President William Ruto says he has made tough yet essential decisions to stabilize Kenya’s economy and is committed to avoiding artificial measures aimed at gaining popularity.

During a joint media interview at State House on Sunday night, the President said that unlike the previous administration where he served as Deputy President, his government would not provide subsidies on consumption or fuel prices, considering them artificial solutions.

Ruto acknowledged that the government had made commitments, but changing circumstances, including rising commodity prices, had necessitated adjustments. He urged Kenyans to exercise patience as his administration worked to stabilize the economy.

Regarding fuel prices, the President pointed out that they were influenced by international market forces and producers, leaving the government with limited control over them. Despite recent decreases in fuel prices, Ruto humbly declined credit, attributing the reduction to international market dynamics.

“The price of fuel is not determined by the Government of Kenya; it is determined by the producers. That is why today the price of fuel in Kenya is the same in Uganda and Tanzania because we buy from the same place,” he explained, adding that Kenya’s taxes as a percentage of GDP were lower than countries like South Africa, Morocco, and Tunisia.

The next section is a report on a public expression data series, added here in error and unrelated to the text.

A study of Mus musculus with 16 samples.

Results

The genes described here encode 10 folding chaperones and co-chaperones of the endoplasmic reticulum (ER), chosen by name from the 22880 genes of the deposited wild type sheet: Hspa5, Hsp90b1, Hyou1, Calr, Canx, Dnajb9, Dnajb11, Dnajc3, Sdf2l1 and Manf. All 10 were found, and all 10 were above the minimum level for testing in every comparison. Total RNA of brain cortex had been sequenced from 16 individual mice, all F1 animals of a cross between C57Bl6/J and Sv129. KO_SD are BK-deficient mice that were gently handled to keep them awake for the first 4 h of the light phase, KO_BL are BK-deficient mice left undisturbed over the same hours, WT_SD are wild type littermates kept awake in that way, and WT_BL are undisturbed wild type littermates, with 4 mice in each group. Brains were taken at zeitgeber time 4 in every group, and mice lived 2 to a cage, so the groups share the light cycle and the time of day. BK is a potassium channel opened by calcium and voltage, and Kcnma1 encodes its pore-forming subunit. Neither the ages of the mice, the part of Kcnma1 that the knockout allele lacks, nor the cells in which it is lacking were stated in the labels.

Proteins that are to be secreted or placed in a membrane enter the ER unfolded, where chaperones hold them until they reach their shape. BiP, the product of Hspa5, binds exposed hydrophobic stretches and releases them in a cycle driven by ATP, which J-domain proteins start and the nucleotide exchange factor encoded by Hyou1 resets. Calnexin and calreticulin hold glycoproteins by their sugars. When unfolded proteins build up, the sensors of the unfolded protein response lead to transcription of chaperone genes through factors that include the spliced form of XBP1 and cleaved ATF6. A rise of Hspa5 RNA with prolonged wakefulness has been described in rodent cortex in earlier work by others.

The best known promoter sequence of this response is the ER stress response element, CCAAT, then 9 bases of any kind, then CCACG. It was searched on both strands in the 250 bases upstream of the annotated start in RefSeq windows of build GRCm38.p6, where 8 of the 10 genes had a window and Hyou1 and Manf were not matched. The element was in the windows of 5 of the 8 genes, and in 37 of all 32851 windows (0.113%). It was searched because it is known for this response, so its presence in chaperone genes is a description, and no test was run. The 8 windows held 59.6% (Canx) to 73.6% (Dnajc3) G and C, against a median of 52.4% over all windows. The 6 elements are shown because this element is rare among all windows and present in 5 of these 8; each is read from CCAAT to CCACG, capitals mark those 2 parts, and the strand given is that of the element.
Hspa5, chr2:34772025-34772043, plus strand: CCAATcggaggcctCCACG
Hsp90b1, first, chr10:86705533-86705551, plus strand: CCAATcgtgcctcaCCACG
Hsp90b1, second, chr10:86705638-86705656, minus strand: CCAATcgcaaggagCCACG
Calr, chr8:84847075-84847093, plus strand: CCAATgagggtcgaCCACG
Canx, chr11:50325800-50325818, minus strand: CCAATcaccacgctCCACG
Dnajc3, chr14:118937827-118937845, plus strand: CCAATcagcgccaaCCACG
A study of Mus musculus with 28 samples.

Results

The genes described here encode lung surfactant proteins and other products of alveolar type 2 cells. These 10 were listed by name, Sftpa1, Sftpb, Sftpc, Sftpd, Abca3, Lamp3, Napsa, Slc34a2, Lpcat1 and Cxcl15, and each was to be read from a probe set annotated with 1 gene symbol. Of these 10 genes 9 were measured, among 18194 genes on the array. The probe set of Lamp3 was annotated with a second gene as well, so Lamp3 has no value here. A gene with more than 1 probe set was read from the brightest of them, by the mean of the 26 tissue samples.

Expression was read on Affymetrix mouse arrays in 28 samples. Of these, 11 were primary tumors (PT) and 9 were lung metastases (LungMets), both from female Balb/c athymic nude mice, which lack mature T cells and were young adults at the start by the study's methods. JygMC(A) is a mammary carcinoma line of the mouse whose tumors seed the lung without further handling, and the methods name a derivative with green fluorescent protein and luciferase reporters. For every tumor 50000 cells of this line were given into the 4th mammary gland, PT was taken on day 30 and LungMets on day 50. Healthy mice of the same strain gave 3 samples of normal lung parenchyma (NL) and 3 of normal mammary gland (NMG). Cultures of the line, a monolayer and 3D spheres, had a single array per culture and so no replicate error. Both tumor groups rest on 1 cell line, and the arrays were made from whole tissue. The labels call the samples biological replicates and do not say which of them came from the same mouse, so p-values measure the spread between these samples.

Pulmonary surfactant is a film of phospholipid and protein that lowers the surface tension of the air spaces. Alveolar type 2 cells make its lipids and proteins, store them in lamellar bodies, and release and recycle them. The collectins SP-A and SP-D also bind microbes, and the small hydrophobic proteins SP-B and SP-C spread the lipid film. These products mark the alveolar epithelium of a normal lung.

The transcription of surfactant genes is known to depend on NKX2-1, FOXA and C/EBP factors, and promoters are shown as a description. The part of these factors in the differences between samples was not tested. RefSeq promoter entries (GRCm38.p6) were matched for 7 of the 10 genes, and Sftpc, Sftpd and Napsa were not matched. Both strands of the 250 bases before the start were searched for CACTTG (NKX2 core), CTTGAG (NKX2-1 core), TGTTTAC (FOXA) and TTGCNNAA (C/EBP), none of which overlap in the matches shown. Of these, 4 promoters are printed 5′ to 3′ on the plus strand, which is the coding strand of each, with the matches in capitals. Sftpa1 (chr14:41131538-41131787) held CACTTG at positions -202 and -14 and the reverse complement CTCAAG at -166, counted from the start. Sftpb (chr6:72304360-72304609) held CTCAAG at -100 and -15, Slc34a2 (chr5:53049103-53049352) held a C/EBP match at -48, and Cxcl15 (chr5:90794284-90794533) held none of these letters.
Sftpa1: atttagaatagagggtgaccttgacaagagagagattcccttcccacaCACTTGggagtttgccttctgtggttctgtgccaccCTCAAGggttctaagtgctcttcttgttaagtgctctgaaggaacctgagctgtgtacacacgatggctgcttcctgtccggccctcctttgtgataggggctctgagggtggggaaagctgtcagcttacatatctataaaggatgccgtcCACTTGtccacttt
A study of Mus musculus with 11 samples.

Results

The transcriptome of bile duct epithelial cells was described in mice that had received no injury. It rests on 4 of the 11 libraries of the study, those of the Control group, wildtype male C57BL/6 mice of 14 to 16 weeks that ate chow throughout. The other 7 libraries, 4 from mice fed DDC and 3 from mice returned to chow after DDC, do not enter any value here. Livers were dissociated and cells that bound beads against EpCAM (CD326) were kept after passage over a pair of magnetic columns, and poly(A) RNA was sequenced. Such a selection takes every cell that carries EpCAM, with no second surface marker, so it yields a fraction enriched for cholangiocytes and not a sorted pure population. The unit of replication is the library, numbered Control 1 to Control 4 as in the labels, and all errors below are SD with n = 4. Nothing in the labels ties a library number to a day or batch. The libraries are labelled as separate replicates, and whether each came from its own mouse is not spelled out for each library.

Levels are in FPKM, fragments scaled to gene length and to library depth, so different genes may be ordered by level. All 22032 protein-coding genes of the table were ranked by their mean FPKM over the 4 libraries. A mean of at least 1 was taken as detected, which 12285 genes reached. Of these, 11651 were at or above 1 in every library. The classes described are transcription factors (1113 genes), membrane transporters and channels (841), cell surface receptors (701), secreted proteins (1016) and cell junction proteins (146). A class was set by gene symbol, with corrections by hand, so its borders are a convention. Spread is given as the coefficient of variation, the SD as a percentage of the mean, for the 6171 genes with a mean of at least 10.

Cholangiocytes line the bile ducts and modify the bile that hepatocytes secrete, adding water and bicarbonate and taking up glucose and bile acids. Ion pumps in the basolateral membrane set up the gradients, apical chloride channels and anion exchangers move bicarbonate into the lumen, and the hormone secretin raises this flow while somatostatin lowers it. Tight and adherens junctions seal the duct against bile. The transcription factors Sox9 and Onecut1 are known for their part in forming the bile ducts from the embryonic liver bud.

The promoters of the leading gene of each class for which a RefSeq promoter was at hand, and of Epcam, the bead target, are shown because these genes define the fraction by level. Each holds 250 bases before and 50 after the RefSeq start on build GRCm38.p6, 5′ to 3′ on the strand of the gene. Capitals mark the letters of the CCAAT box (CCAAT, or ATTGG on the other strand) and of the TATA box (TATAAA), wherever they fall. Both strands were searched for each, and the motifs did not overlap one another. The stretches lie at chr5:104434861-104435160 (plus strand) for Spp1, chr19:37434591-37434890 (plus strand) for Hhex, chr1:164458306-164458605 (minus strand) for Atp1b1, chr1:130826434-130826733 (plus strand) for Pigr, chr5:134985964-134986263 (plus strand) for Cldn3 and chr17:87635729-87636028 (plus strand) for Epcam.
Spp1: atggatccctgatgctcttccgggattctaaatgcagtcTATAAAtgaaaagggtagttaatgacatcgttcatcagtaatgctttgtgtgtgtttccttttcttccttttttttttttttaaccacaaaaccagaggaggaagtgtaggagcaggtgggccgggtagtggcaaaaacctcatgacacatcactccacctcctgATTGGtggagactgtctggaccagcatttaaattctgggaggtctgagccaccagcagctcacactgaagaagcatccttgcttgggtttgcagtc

President Ruto defended his numerous international trips, emphasizing that they were focused on addressing the country’s challenges rather than tourism.

“I am not traveling around the world as a tourist,” he said, “I am doing my job of seeking solutions to our problems.”

He highlighted efforts to boost foreign exchange earnings by facilitating Kenyan employment in foreign countries through bilateral labor agreements with nations such as Saudi Arabia, the UAE, Germany, and Canada.

Ruto also emphasized the importance of reducing unnecessary imports, such as cement, steel, and furniture, and boosting local manufacturing to reduce the outflow of foreign currency. He expressed a vision of Kenya becoming self-sufficient in food production within a year.

 underscored his government’s efforts to prevent Kenya from falling into debt distress and maintain inflation and money supply under control. He noted that a significant portion of government revenue went toward servicing inherited debt, which impacted areas like education, health, security, and public services.

President Ruto reiterated his administration’s commitment to making tough decisions for the sake of Kenya’s economic stability and the welfare of its citizens.

He emphasized the importance of addressing challenges such as inflation, debt management, and self-sufficiency in various sectors to secure the country’s future prosperity.